Given the increasing availability and use of medical marijuana in British Columbia, employers are often faced balancing the need to ensure a safe workplace and an employee’s right to legitimate medical treatment. A recent decision of the BC Human Rights Tribunal gives employers some welcome clarity on the limits of the duty to accommodate, the nature of bona fide occupational requirements (“BFORs”), and the legality of “zero tolerance policies” regarding drug use on the job.

In French v. Selkin Logging, the Tribunal dismissed a complaint brought by Mr. French, a heavy equipment operator for a logging company.  Mr. French alleged that his employer discriminated against him on the basis of disability by, among other things, not permitting him to smoke marijuana for pain management on the job.

Mr. French was treated for cancer in 2009 and returned to work in 2010.  It was widely known, including by his supervisor, that Mr. French was smoking marijuana on the job.  He and another employee shared six to eight joints a day during coffee and lunch breaks.

Mr. French’s supervisor only confronted him about his smoking after months of complaints from other employees and, more particularly, after Mr. French and a co-worker struck a moose with a workplace truck.  Marijuana was later found in the vehicle.  The supervisor told him that the company had a zero tolerance policy for drug use on the job; Mr. French later received a letter stating that his employment would be terminated unless he agreed to return to work “drug free”.

Mr. French asserted that he needed to smoke pot to manage his pain and that his physicians directed him to do so, as his cancer had recurred.  However, on probing this issue further, the Tribunal found that: he did not have a prescription; his doctors had not told him to smoke marijuana, and that there was no evidence that any doctor had condoned his smoking at work.  While the Tribunal could not determine whether the marijuana was “medical grade”, there was also no evidence that Mr. French was impaired on the job.

The Tribunal accepted that Mr. French was disabled, that he used marijuana for pain management, and had been terminated for using marijuana.

However, the Tribunal also found that the employer’s zero tolerance policy was a BFOR, even though it exceeded the minimum standard under occupational safety laws (which focus on impairment and endangerment at the workplace, rather than setting a zero tolerance rule).

First, the zero tolerance policy was created for safety reasons and properly linked to the performance of Mr. French’s job.  Second, it was adopted in the honest belief that it was necessary.  Third, it was reasonably necessary: the employer could not accommodate Mr. French’s smoking without undue hardship.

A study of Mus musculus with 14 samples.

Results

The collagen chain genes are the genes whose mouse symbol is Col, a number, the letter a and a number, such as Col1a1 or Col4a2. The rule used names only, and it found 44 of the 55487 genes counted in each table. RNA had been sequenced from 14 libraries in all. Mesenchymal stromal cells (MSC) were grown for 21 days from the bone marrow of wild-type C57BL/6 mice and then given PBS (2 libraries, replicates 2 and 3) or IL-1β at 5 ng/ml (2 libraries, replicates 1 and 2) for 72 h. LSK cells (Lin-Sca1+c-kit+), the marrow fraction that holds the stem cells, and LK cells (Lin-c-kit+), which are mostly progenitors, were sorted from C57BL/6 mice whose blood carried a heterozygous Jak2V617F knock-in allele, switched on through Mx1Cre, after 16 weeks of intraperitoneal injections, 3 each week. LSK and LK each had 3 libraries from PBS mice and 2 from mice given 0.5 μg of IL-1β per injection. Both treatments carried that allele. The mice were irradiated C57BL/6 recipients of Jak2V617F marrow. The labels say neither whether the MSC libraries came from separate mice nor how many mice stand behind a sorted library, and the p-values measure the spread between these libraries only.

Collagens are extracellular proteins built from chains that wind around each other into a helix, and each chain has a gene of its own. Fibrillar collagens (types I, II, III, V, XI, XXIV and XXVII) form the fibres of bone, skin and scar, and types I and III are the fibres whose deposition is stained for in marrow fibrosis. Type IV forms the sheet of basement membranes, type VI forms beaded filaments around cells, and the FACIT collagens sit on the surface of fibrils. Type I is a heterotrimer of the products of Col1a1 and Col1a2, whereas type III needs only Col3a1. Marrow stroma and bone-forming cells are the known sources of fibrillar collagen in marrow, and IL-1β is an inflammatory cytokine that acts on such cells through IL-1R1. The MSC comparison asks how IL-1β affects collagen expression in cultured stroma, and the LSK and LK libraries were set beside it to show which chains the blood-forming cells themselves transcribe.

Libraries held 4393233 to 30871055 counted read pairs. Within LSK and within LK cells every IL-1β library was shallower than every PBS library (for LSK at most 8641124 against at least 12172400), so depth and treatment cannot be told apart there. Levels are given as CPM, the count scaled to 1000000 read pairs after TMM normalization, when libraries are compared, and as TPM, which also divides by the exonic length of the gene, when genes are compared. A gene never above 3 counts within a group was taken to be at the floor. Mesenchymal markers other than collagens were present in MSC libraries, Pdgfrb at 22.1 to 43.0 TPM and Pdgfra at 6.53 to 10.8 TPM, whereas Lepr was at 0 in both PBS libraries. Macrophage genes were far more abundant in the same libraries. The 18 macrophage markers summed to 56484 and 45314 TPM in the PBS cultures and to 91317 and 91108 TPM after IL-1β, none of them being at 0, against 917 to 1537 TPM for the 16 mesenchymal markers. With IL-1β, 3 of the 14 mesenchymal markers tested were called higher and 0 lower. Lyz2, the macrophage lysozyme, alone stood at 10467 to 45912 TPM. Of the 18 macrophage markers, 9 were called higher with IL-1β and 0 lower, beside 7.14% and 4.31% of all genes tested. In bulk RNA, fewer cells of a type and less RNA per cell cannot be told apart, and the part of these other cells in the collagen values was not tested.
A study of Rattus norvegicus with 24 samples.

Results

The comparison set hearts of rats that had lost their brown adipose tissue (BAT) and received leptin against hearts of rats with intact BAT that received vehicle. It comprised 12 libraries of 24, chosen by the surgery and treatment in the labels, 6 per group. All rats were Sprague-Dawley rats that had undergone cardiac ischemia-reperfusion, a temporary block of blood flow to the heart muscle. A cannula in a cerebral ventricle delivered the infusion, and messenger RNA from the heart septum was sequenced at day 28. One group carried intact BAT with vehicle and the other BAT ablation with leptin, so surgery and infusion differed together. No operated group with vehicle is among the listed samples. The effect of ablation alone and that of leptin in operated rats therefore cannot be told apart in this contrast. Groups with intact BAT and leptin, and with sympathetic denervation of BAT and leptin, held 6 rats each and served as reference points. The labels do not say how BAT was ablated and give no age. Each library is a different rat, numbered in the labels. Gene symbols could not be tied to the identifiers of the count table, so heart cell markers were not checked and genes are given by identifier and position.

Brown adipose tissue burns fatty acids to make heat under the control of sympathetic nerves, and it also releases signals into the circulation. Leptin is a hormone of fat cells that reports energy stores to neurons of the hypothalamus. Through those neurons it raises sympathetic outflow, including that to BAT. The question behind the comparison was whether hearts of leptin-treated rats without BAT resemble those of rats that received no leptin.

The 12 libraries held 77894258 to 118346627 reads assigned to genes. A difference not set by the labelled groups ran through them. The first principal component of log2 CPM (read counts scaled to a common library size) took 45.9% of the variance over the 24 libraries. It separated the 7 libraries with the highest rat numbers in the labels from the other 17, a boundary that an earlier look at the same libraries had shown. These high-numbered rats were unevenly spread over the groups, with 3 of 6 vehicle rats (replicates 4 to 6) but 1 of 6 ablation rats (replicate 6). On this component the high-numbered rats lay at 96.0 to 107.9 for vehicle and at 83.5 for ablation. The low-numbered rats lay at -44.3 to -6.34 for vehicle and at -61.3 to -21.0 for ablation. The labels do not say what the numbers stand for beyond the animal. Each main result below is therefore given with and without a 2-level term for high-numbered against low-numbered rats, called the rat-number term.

Because Mr. French’s marijuana use was not authorized, and thus illegal, it could not be treated like other medications.  Although there was no evidence that Mr. French was impaired or posed any danger, that did not mean the zero tolerance policy was unreasonable or unnecessary.  The employer’s delay in enforcing the policy did not preclude it from enforcing it later.  Further, Mr. French had not informed his employer of his need to smoke or otherwise facilitated the accommodation process.

In the circumstances, the requirement for reasonable accommodation did not require the employer to abet Mr. French’s smoking marijuana at work.

Key takeaways

The French decision highlighted several important points for employers:

  1. It may be within employers’ legitimate management rights to impose a general rule prohibiting the consumption of drugs or alcohol at the workplace, especially where workplace safety is of particular concern. On the other hand, policies that rely on strict application of a zero tolerance rule, without considering accommodation in individual circumstances, may offend the Code if, for example, an employee is legitimately using marijuana for medical purposes.
  2. A zero tolerance policy should not be found unreasonable simply because an employee has not shown signs of impairment or inability to work safely.
  3. Where an employee is using drugs such as marijuana on the job without proper authorization, or without disclosure to the employer, a court or tribunal may be less likely to find an employer’s refusal to permit such drug usage to contravene the Code.
  4. An employer’s delay in enforcing a drug policy will not necessarily preclude later enforcement (although it is preferable to administer policies promptly and consistently).
  5. The duty to accommodate is subject to reasonable limits, and does not rest solely on the employer. Employees must facilitate accommodation, and their failure to do so may result in their complaints being dismissed.